Regulation Will Be The Primary Driver of Change

Regulation Will Be The Primary Driver of Change
Comments from Patrick Marshall, Head of Private Credit at Federated Hermes on the Private Credit market at the halfway point of 2024.

“A visit to Australia was high on my priority list in the first half of the year. With EY estimating that the market reached AUD$188bn in AUM at the end of 2023, up from AUD$175bn the previous year it has become a regional hub for Private Credit, and we believe, has huge potential and is poised for continued growth. This is echoed with a number of successful fundraisings we have seen announced in the first half of the year, dedicated to lending to Australian businesses. I look forward to a further trip, later in 2024 and to explore opportunities for our business to be part of this future growth.”

In the first six months of 2024, interest rates have remained stubbornly elevated, with many borrowers still prioritising the cost of capital over flexibility in loan terms – in particular non-cyclical, sponsor backed businesses are opting to work with true senior secured direct and bank lenders, who have lower return targets than their unitranche counterparts. As a result, we have seen the continued and welcome growth of market share for conservative, direct lenders in the European lower/mid-market.

As expected, transaction flow for private equity has remained somewhat subdued as low enterprise valuations, exacerbated by higher interest rates, are forcing investors to hold onto assets for longer in order to make their target returns. As a result, we have seen an increased focus on the financing of buy and build strategies, to grow the value of their existing assets by bolting on small acquisitions to portfolio companies. An effective origination model is therefore more important than ever. Our exclusive and legally binding origination and co-lending agreements with leading banks in all our key geographies have continued to drive our robust pipeline of high-quality loan opportunities, including exclusive access and right of first refusal on off market loans such as those to fund sponsor-backed buy and build activity. This enables us to take a highly selective approach to the borrowers we choose to lend to, including across loans not accessible to any other direct lenders to deliver sustainable performance for our investors. In addition, this innovative origination model removes the need for an expensive internal origination team at a time when competition for talent in the industry has heated up – allowing us to instead focus on building a team with extensive experience of investing, structuring and restructuring loans across multiple economic cycles.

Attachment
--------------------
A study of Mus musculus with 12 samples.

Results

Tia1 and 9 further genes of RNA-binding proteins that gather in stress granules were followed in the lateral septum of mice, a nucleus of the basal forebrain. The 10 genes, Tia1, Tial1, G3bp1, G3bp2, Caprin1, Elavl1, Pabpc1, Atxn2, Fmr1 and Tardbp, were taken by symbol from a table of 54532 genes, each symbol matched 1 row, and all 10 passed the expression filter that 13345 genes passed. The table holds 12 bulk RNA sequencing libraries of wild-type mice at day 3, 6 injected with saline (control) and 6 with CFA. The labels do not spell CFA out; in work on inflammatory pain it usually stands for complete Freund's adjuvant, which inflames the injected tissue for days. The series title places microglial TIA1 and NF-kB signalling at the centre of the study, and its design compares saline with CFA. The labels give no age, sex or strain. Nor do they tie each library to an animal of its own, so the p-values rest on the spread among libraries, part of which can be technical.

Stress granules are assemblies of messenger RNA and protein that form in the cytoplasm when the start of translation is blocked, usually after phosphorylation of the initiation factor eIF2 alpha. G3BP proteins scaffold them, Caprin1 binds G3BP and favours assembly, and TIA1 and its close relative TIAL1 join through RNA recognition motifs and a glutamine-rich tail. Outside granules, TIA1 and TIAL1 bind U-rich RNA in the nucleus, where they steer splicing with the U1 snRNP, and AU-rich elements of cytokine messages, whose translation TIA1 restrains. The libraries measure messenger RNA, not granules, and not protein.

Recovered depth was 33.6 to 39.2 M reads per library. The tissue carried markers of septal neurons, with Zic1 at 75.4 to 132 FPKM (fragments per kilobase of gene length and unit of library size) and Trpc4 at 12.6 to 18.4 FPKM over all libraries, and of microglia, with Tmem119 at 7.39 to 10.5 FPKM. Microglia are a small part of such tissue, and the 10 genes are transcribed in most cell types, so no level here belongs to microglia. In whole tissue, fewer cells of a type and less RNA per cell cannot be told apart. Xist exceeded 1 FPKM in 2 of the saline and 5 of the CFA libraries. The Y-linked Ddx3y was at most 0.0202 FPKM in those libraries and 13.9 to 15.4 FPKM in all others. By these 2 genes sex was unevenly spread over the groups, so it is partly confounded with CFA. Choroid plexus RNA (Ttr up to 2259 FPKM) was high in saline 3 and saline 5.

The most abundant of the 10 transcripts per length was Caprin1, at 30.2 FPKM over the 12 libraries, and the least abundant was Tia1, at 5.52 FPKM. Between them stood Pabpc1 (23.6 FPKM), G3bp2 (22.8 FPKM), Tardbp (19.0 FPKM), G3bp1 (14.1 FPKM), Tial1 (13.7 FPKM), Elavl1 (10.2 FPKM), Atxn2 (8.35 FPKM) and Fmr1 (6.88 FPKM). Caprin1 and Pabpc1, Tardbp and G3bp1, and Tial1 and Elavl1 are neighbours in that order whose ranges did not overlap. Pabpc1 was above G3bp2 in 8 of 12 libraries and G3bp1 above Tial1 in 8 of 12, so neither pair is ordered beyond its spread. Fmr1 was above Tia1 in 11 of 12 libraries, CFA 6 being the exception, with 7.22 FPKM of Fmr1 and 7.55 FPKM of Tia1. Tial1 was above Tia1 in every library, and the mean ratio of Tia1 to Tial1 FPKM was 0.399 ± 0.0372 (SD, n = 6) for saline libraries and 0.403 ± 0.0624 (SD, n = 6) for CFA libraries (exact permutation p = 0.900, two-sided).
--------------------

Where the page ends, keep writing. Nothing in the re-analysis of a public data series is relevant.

Some borrowers, who have underperformed,  will struggle to find liquidity to refinance their loans as they approach maturity, meaning that only the strongest and most stable companies will find it easy to access the market. The market will become bifurcated with non-cyclical companies able to negotiate good loan terms and more cyclical companies being penalised in terms of cost of borrowing and tighter loan terms. 2024 has been a great year for direct lenders who have been disciplined in their lending approach. These lenders have bene able to get strong yields on new loans and lender friendly protection rights in loan documentation whilst not having had to deal with restructurings in their portfolios.

If 2023 and 2024 have been so far characterised by the rate environment, we anticipate that regulation will be the primary driver of change in the second half of the year, into 2025, when Basel IV set to take effect. We anticipate that this new regulation around capital requirements will raise the cost of lending for banks in certain jurisdictions, as well as reduce liquidity in certain sectors of the market, creating opportunity for direct lenders going forward.”